Frank Scandale, the former Washington County clerk of courts who stole nearly $100,000 while in office, is paying only a fraction of what he owes in monthly restitution after pleading guilty to theft in October.
Senior Judge Gerald Solomon sentenced Scandale to two years house arrest and seven years probation, while also requiring him to pay $117,899 in restitution, fines, court fees and home confinement supervision.
Scandale made an upfront payment of $11,000 immediately after his guilty plea and sentencing Oct. 15, leaving him with $106,899 to pay before his probation expires at the end of 2027.
The prorated balance means he would have to pay $1,271 every month for the remainder of his seven-year probationary sentence, but he has only paid an average of $140 every two weeks – less than one-quarter of the requested sum – since he began making payments in early December.
Brenda Davis, the current county clerk of courts who defeated Scandale in the November 2019 election shortly before he was arrested, said the payments being made cover his house arrest supervision and are close to the minimum he can pay without facing further discipline.
But Scandale must pay back the full amount of restitution before his probation is over, which means he could be facing a hefty final payment if he does not increase his biweekly stipend. If Scandale continued to make payments at his current rate, he would owe more than $81,000 at the end of his probation.
In a letter from Scandale sent to the clerk of courts office on Nov. 9, he disagreed that he should be required to pay the $1,271 monthly allotment since it was not spelled out directly in Solomon’s sentencing order. He added that he could only afford to pay $100 per month at the time and asked for the office to alter his payment structure.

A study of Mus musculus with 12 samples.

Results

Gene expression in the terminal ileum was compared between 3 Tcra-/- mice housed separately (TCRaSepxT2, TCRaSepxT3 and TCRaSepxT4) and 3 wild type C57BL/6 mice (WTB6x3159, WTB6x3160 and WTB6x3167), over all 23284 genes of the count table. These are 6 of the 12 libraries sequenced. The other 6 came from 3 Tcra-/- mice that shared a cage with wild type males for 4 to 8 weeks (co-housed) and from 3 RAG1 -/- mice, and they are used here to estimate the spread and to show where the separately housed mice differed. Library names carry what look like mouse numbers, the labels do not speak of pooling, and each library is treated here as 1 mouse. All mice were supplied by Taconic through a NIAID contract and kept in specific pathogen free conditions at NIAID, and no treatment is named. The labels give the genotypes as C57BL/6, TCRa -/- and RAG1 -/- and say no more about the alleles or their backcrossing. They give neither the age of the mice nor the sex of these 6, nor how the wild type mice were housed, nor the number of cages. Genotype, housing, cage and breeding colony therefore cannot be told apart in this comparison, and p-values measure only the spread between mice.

His defense attorney, Michael DeRiso, was unaware of what payments Scandale was making or whether he was currently employed. But he disagreed with the clerk of courts office requiring a specific monthly amount to be paid to cover the total restitution.
“You can’t get blood from a turnip,” DeRiso said. “At the end of the day, if he’s paying something and doing the best he can do, it’s unlikely there will be a restitution hearing because he’s doing the best he can.”
Davis said no restitution hearings have been scheduled during the coronavirus pandemic and that it would be up to the victim – in this case, Washington County – or prosecutors to ask for that hearing. Senior Deputy Attorney General Evan Lowry, who prosecuted the case, did not respond to a phone message seeking comment.
Scandale, 53, of Canonsburg, was accused of stealing $96,716 from the office that he supervised in 2018 and 2019. He eventually pleaded guilty to felony theft by failure to make required deposit of funds and seven misdemeanor counts of theft and one charge of misappropriating government money.
The $101,876 in restitution he owes will be directed to the County Commissioners Association of Pennsylvania Insurance Program because it covered the loss of money from the theft. That program recently made the full repayment to Washington County, which now will be placing that money in the clerk of courts coffers this week, county Finance Director Josh Hatfield said Wednesday.
“They’re paying the entire claim over to the county. (The insurance company) will continue to get the restitution paid by Mr. Scandale. But the insurance company has made the county whole.”